At the heart of the case is a disagreement over whether the Department of Health and Human Services (HHS) overstepped its authority when it issued a regulation last November that would compel hospitals and other health providers to disclose their cash and negotiated contract prices to patients in a clear, easy-to-access format. The AHA and a cohort of hospitals sued to block the requirement, which was set to go into effect January 2021.
PatientRightsAdvocate.org (PRA) led the coalition of transparency supporters in filing the brief, which was prepared and filed by counsel Jeffrey Harris, a partner with Consovoy McCarthy PLLC, in Arlington, Virginia.
In addition to AMAC, PRA is joined on the brief by Independent Women's Law Center, (IWLC), and the Texas Public Policy Foundation (TPPF).
Amici argue that many American workers have high-deductible plans, which make negotiated prices part of their “out of pocket” costs and rebut AHA claims that forcing disclosure violates the parties’ First Amendment rights. As amici notes, hospitals and insurance companies routinely disclose prices in their explanation of benefits statements. Their rates are not secret, just revealed after it’s too late for patients to choose more cost-effective care.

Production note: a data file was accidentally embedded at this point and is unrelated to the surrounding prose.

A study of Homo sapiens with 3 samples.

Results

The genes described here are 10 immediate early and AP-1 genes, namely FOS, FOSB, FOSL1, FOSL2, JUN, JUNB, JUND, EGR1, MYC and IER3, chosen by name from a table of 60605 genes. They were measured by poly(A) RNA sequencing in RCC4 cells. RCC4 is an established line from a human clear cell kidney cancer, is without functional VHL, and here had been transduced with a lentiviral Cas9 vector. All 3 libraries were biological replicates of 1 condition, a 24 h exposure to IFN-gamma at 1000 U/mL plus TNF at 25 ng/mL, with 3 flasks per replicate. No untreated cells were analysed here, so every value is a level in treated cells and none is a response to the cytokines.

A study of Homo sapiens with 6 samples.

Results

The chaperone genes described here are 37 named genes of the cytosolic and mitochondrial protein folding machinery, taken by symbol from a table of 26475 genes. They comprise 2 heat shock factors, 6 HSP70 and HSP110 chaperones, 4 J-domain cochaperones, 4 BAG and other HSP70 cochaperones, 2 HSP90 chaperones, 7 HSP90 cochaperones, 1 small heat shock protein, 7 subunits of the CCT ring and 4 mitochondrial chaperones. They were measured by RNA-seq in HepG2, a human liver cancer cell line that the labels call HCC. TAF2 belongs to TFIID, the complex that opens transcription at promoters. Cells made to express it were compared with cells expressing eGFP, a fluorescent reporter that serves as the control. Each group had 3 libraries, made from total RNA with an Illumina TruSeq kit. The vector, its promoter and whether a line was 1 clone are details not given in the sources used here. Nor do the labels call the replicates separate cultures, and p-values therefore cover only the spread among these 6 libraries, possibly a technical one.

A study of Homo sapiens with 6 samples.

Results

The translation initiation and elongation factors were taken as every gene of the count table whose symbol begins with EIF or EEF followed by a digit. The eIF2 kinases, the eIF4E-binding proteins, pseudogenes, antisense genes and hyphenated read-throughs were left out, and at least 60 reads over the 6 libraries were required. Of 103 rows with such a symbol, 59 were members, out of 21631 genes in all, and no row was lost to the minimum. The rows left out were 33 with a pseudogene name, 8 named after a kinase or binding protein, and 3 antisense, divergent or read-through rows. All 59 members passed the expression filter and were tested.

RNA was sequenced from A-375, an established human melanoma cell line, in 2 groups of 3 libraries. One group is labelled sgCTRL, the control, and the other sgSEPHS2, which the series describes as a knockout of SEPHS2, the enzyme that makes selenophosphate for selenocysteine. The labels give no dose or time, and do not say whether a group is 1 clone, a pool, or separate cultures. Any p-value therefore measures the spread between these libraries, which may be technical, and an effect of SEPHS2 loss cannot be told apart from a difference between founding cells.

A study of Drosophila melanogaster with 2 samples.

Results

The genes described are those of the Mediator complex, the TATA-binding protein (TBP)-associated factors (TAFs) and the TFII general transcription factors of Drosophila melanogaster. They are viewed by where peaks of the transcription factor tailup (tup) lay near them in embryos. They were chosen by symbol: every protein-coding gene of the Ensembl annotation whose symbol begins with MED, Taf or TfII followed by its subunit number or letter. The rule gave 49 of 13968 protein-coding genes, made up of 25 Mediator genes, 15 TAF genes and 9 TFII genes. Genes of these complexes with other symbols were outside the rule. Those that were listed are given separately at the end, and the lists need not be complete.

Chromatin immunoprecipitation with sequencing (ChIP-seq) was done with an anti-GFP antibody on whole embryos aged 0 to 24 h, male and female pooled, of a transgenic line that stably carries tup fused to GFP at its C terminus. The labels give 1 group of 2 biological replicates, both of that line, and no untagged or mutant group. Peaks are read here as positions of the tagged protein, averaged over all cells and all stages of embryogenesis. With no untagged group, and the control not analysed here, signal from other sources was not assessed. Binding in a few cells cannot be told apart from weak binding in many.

According to a Harvard-Harris poll, a bipartisan 88 percent of Americans support government mandates for hospitals and insurance companies to show their prices.
“America’s seniors are among the most vulnerable,” said AMAC Action Senior Vice President Andrew Mangione. “Although those over age 65 make up only 15 percent of the population they account for more than a third of health care spending. Opaque prices can be especially devastating to them. We hope to extend these transparency rules beyond hospitals to include prescription drug prices as well.”
The AHA and a consortium of other hospital groups filed suit against HHS in December 2019 to stop the Trump Administration's price transparency rule requiring hospitals to disclose their negotiated rates and cash prices.
The hospital lobby maintains that HHS exceeded its statutory authority under the Administrative Procedure Act and violated the First Amendment by mandating speech in a manner that fails to directly advance a substantial government interest.
However, no court has ever invoked the First Amendment to invalidate government efforts to provide truthful, accurate information to consumers about marketplace transactions. Furthermore, as the Amicus Brief argues, the Supreme Court has emphasized that “[s]o long as we preserve a predominantly free enterprise economy, the allocation of our resources in large measure will be made through numerous private economic decisions.”
If the Court sides with the amici and grants HHS's motion for summary judgment, the case will be dismissed, and the rule will stand. The Court is expected to hand down a decision in the coming weeks.